Target’s Bull’s Eye Focuses On Local Customers
In the world of brick and mortar retail, bigger is not always better. Boutiques that specialize in catering to a particular shopper have long found that focus on their core customers is lucrative. Now Target is trying that model on for size.
Smaller Target stores have been around in cities for a little while, because the small footprint allowed the store to fit into a cityscape. When there’s no room to build a mega store, Target took advantage of a city location, but pared down its offerings in a “Target Express.” Today, all the mini stores are rebranded as “Target,” and the retail merchandizing is focused on serving the specific needs of local customers rather than trying to provide a wide variety of tastes. The Washington Post recently wrote about the new Target in a Arlington, Va., neighborhood.
Target has long made use of data analysis to target customers through the mail, offering coupons and specials to individuals based on
their shopping histories. Now the department store is aggregating that information to create shopping experiences that are customized for the local shoppers. So, for example, does research show there are several local knitting groups? Check out the organic cotton yarn in our craft section. Lots of nursery schools? See the expanded children’s book section. Landlocked city with no hunting or fishing clubs? Save the rifles and reels for another store.
Target seems to have learned a great deal from its debacle in Canada, where a lack of quality market research resulted in the retailer stocking irrelevant products. Management didn’t recognize the difference between U.S. shoppers and their Canadian counterparts, and the expansion was a flop. The move into micromarketing the smaller stores indicates an intent to offer shoppers a quick and easy way to find products they have in mind, rather than foster more of a browsing experience.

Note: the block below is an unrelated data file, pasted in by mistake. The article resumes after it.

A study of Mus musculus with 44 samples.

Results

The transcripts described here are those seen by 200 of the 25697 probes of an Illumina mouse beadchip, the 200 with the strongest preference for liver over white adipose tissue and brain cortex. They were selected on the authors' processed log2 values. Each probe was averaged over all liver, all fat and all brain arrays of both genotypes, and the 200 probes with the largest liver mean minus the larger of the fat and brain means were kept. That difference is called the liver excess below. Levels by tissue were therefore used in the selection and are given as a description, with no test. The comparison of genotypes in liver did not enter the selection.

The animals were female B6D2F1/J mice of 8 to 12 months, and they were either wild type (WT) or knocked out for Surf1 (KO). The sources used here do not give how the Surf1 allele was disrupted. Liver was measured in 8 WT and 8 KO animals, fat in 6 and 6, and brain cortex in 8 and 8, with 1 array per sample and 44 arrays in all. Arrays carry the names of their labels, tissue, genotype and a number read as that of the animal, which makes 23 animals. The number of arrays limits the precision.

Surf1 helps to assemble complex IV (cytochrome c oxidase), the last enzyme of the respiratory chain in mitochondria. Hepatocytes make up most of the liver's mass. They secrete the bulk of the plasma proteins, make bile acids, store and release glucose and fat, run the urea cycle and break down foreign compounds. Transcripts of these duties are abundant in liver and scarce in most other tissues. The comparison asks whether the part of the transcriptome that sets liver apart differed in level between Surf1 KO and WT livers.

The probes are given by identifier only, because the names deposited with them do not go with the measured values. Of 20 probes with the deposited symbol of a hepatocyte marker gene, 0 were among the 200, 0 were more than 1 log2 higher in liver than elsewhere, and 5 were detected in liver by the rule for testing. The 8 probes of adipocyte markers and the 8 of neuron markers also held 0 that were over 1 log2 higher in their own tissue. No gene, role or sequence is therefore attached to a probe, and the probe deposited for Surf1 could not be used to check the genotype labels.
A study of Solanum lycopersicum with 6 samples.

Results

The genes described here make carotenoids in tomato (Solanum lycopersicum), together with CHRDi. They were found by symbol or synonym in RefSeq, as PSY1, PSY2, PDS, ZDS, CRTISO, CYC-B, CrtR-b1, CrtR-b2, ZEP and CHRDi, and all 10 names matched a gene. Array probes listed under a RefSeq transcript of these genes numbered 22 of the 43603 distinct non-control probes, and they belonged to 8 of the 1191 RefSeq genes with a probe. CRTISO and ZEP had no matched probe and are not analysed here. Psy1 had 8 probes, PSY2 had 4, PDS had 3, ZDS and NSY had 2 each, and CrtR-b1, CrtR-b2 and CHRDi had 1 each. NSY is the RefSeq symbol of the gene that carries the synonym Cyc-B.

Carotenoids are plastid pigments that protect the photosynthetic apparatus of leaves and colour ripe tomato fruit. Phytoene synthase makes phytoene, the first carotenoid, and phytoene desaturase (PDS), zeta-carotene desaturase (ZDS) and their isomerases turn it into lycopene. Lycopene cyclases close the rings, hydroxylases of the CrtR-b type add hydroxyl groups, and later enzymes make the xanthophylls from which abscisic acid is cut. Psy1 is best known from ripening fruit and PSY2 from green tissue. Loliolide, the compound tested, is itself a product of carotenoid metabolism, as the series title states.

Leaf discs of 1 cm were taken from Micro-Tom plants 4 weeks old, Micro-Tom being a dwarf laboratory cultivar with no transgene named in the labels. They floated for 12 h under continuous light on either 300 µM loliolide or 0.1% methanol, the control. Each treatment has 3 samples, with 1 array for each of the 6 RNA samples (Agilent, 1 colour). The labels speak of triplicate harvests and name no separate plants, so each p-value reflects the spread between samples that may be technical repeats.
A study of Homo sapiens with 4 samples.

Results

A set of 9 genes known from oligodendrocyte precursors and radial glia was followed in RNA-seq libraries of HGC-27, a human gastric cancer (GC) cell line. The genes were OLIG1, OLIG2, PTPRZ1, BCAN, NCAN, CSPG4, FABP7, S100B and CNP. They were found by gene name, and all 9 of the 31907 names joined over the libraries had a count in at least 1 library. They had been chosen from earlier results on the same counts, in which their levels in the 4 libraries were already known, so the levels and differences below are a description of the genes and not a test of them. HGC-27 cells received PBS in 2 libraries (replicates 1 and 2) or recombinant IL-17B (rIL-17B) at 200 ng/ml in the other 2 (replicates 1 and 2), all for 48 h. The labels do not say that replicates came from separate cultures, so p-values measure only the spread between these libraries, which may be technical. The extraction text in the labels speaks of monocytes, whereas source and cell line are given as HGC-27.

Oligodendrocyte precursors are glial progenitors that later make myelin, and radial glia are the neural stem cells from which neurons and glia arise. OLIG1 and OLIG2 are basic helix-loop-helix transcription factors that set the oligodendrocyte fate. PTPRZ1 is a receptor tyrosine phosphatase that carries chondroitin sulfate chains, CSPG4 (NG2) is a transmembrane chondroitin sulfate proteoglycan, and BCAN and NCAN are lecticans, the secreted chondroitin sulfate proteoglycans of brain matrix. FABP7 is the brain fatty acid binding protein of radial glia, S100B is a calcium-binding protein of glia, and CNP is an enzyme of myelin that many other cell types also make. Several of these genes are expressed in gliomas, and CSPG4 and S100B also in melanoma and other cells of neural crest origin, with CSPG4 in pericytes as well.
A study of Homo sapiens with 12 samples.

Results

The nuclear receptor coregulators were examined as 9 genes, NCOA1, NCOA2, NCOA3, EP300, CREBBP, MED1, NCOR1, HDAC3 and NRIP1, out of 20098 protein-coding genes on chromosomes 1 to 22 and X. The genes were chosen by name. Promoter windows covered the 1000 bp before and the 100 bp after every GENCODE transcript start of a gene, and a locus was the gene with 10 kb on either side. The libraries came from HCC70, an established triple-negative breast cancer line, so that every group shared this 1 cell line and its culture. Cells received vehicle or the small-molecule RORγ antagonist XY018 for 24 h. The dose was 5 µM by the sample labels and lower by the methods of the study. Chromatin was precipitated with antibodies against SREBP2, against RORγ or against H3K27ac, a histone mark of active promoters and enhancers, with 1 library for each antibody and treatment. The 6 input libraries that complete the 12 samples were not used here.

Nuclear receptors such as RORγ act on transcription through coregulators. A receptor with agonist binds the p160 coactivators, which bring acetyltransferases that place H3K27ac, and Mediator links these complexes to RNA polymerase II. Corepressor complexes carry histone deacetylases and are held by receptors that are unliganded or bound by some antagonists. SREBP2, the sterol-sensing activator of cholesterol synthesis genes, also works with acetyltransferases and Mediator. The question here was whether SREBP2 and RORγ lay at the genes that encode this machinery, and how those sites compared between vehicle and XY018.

Such an approach means a good deal of curation by management. Determining what products will appeal most to the demographic requires data analysis, not only of purchases within the store but also of activities within the community. In a way, it is similar to the charter of a local daily newspaper: The news of the day takes on relevance only as it relates to the community. For example, a day care center opening is of interest to that city’s residents, but not to those of the state. Further, that center’s opening would indicate more children in the neighborhood, and a local Target might beef up offerings targeted at children, as well as their mothers.
Target is the nation’s sixth-largest retailer, with $73 billion in revenue last year. Once a powerhouse among style-savvy shoppers, it has lost its cache in recent years, mainly due to a faltering economy. But shoppers it may have lost to lower priced chains, such as Walmart, may be lured back as the economy rebounds and Target once again regains its reputation as being “in the know” about its customers’ tastes.